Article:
Setting Good Goals: Including Women and Girl Refugees in the Development Agenda
In March 2014, Asylum Access will be attending the United Nations Commission on the Status of Women’s (CWS) fifty-eighth session to discuss the progress of gender equality and economic empowerment of female refugees with government and UN officials from around the world. In anticipation of its visit, Asylum Access submitted a written statement to the Commission, identifying the major barriers female refugees experience when seeking access to livelihood opportunities, education, health and gender equality.
Our submission specifically reviewed the implementation of the United Nations’ Millennium Development Goals (MDGs), contending that MDG programs must be inclusive of women and girl refugees to be truly effective. As the 2015 target date for the achievement of the MDGs draws near, the submission called upon governments and UN entities to make certain that female refugees are included in the post 2015 development agenda.
Greater efforts must be taken to make self-reliance, economic empowerment and social inclusion a sustainable reality for female refugees. Likewise, access to justice, including access to judicial relief should be made available to refugee populations to ensure that female refugees are able to assert their fundamental rights and become participatory residents in their country of refuge. Programs that are designed to advance country development through the eradication of disease and increased education should be made as accessible to female refugees as made to nationals, ensuring that programs and policies are applied equally and without discrimination.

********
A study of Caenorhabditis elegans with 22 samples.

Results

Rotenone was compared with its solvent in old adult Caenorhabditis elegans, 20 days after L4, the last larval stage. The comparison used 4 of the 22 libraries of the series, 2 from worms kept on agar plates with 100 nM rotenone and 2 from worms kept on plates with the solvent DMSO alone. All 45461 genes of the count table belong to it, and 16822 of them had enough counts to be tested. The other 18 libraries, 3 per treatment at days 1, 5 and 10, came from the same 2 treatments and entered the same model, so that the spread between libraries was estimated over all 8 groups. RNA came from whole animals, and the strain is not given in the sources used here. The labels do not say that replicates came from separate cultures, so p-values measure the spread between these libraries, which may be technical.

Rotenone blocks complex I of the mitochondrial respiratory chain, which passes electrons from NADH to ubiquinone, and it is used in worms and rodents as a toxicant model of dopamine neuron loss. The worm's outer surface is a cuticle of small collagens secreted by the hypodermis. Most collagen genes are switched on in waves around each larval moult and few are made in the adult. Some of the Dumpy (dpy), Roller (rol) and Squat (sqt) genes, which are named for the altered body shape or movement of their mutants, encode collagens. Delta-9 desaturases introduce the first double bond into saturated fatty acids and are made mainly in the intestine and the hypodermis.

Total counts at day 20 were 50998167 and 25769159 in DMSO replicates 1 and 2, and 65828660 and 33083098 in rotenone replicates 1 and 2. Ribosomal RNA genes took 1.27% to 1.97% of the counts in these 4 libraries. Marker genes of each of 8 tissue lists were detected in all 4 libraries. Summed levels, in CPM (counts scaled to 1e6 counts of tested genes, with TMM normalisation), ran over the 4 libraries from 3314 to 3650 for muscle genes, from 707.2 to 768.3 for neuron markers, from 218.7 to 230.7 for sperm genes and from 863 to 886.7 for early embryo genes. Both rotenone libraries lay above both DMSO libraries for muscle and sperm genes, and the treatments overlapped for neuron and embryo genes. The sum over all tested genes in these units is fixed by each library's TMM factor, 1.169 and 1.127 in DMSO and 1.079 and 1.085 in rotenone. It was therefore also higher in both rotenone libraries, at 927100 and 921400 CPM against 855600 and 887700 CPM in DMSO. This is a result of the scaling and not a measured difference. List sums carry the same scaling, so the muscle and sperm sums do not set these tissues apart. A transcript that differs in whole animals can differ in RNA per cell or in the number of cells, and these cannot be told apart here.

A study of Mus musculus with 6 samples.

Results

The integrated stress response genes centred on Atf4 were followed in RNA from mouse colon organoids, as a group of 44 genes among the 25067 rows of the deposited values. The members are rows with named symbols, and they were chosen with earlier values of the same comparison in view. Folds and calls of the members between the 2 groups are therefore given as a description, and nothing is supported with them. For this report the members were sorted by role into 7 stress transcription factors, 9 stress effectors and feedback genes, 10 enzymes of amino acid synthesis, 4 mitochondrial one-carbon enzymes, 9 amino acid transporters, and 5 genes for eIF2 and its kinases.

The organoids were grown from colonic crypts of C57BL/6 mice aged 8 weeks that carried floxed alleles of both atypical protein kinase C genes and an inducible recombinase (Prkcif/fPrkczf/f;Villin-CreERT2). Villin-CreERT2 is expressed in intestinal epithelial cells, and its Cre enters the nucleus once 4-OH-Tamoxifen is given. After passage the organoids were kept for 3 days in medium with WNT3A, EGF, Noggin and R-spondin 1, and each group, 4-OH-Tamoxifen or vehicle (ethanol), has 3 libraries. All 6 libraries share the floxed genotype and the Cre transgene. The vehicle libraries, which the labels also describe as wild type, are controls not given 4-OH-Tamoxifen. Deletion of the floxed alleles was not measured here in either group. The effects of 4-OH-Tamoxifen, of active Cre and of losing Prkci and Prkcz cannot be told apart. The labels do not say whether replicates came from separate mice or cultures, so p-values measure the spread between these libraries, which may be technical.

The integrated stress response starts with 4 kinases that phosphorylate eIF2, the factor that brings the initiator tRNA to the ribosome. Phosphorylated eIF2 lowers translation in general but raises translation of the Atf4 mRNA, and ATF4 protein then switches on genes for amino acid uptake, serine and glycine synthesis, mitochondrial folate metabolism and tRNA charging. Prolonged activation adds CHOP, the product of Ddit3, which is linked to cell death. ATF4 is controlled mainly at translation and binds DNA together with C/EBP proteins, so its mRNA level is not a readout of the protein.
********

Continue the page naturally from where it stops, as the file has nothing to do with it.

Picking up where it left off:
There are nearly 8 million women and girl refugees in the world today, a number that is only increasing as international conflicts worsen in both scale and duration. The vast majority of these individuals are forced to live in displacement for years, and sometimes decades on end. Despite the enduring nature of displacement, limited international attention has been devoted to the human rights and development needs of refugees beyond access to humanitarian aid. Thus, refugee “protection” is conceived in unsustainable terms, and refugees are seen as a humanitarian concern rather than a development concern.
As made clear in the submission, if governments and the UN seek to achieve true global development, stronger action needs to be taken to see that women refugees, one of the most disenfranchised and impoverished populations in the world, are not ignored by development actors. Progress towards the MDG necessarily requires that the human rights and development needs of female refugees are accounted for and addressed. In order to achieve this end, better inter-agency cooperation between UNHCR and development actors should take place to ensure that women refugees have equal access to MDG programs.
Women and girl refugee populations are no longer subject to the protection of their country of origin, and often have limited access to rights and protection in their country of refuge. This gap in protection can be more specifically addressed through targeted application of the MDGs to address the human rights and development needs of the forcibly displaced.